Domain name was registered well before the Complainant was incorporated.
The Canadian operator of a secure file transfer service called e-Courier has been found to have engaged in reverse domain name hijacking for the domain name eCourier.com. The company uses e-Courier.ca for its website.
Soft Trust Inc. filed a cybersquatting complaint against the domain name with World Intellectual Property Organization (WIPO). Soft Trust was incorporated in 2004 and its E-Courier rights would have postdated that. The domain name was registered in 1997.
The Complainant made several seemingly conflicting statements about when it believed the Respondent acquired the domain name. These are quotes WIPO panelist John Swinson included in his decision that represent Soft Trust’s arguments:
“The website at the Disputed Domain Name has displayed a message stating “Sorry! This site is temporarily unavailable.” since at least September 2001”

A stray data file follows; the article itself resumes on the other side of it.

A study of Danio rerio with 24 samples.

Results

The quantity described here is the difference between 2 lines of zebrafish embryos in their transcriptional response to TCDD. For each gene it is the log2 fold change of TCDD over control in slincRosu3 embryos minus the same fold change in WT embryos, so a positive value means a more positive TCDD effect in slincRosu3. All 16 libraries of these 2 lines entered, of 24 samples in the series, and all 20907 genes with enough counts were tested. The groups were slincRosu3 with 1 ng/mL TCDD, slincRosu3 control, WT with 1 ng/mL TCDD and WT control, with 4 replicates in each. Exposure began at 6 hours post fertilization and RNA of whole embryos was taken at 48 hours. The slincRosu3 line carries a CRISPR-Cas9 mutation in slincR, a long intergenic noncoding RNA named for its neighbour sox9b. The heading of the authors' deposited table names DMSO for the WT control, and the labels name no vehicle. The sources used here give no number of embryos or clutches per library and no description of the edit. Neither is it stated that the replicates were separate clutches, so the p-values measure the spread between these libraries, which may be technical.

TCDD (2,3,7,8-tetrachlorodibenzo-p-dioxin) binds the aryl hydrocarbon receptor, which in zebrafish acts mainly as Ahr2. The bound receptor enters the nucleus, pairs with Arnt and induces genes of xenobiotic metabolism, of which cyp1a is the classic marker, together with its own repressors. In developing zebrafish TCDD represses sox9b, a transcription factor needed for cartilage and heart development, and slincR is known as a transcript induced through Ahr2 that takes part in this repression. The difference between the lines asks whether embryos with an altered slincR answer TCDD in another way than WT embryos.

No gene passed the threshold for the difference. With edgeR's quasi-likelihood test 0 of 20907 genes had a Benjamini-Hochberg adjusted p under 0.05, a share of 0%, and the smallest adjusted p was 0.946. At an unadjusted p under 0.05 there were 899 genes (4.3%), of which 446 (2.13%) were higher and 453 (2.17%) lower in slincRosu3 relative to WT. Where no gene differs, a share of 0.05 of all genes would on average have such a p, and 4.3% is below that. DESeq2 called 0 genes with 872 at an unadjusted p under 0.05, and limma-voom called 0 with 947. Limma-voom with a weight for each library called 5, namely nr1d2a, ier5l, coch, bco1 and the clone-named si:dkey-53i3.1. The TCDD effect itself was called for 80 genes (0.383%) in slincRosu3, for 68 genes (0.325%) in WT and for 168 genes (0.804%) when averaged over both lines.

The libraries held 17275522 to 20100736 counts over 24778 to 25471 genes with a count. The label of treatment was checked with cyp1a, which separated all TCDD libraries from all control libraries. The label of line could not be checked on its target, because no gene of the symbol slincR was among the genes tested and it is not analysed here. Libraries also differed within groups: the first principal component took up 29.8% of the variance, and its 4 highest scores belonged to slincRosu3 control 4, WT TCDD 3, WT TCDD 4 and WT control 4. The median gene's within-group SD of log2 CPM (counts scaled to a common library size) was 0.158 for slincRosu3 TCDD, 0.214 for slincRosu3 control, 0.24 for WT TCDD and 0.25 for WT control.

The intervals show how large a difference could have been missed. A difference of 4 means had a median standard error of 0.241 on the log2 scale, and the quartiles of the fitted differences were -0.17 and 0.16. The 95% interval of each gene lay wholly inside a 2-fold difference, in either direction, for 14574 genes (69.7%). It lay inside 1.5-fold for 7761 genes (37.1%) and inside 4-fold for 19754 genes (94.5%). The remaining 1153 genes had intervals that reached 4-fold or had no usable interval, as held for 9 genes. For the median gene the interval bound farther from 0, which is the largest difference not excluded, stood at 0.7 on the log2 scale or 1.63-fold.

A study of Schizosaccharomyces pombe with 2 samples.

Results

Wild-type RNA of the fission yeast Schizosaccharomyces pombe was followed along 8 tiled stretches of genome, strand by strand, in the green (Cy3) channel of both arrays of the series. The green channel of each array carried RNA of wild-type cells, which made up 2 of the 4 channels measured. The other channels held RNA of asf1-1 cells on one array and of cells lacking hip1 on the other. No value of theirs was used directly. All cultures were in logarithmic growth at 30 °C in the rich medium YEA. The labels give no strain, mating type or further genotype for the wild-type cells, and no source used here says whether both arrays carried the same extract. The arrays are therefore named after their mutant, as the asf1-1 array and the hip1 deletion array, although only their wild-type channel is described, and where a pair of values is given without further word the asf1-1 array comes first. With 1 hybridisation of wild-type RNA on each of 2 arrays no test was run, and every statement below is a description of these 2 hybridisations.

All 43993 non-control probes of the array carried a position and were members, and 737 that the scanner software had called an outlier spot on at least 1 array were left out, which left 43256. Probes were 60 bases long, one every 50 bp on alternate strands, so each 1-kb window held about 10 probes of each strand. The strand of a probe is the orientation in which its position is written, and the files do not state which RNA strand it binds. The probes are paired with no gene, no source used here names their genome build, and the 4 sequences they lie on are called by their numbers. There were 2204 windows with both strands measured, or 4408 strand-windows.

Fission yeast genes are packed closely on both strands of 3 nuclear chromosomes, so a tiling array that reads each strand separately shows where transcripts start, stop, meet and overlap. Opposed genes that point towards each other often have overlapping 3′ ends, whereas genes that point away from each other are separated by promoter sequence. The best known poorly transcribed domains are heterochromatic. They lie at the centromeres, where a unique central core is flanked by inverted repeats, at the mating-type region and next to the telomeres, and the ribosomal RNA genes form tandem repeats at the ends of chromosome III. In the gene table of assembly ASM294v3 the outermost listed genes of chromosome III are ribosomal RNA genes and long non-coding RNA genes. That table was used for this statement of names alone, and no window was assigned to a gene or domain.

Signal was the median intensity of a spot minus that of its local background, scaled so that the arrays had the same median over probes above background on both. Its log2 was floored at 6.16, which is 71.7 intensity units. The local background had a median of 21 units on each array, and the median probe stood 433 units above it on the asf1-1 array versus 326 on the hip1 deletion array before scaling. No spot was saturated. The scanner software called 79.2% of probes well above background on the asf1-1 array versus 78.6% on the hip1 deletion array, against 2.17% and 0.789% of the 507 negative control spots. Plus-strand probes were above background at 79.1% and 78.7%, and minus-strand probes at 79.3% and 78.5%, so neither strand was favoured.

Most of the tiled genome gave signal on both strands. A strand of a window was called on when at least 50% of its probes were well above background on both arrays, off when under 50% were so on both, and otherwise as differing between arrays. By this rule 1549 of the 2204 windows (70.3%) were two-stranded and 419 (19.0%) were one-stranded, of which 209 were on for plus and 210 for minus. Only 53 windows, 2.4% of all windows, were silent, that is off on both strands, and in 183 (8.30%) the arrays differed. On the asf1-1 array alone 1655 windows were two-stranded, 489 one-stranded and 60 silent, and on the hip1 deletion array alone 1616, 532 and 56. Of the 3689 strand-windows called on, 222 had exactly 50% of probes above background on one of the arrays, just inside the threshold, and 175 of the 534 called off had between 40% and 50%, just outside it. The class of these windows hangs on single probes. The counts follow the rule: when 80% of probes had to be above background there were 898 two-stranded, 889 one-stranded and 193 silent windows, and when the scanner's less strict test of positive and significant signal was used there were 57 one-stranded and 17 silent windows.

“The Complainant is unsure of the exact date that the Respondent registered the Disputed Domain Name but it appears to have been at some point between September 14, 2005, and December 17, 2015. This is after the date on which the Complainant accrued rights in E-COURIER.”
“It appears the Disputed Domain Name was originally registered by a third party and that the Respondent did not register the Disputed Domain Name until 2012 at the earliest.”
Swinson clarified the Complainant’s position:
“The Complainant contends that the Disputed Domain Name was transferred from the Respondent individual (Todd Hinton) to the Respondent company (Ikebana America LLC) at some point between September 14, 2005, and December 17, 2015, and that this constitutes a new registration of the Disputed Domain Name.”
But it is clear that Hinton and the company are essentially one and the same. This means that the Respondent registered the domain in 1997, well before the Complainant was in business.
In finding reverse domain name hijacking Swinson listed eight facts that easily showed that Hinton and Ikebana were one and the same and that the Complainant should have known this.
It also turns out that a representative of the Complainant contacted the Respondent on three occasions between 2007 and 2011, offering to buy the domain. The Respondent declined each time. The complainant didn’t include this correspondence in its complaint.
Merizzi Ramsbottom & Forster represented the Complainant. The decision does not list counsel for the Respondent.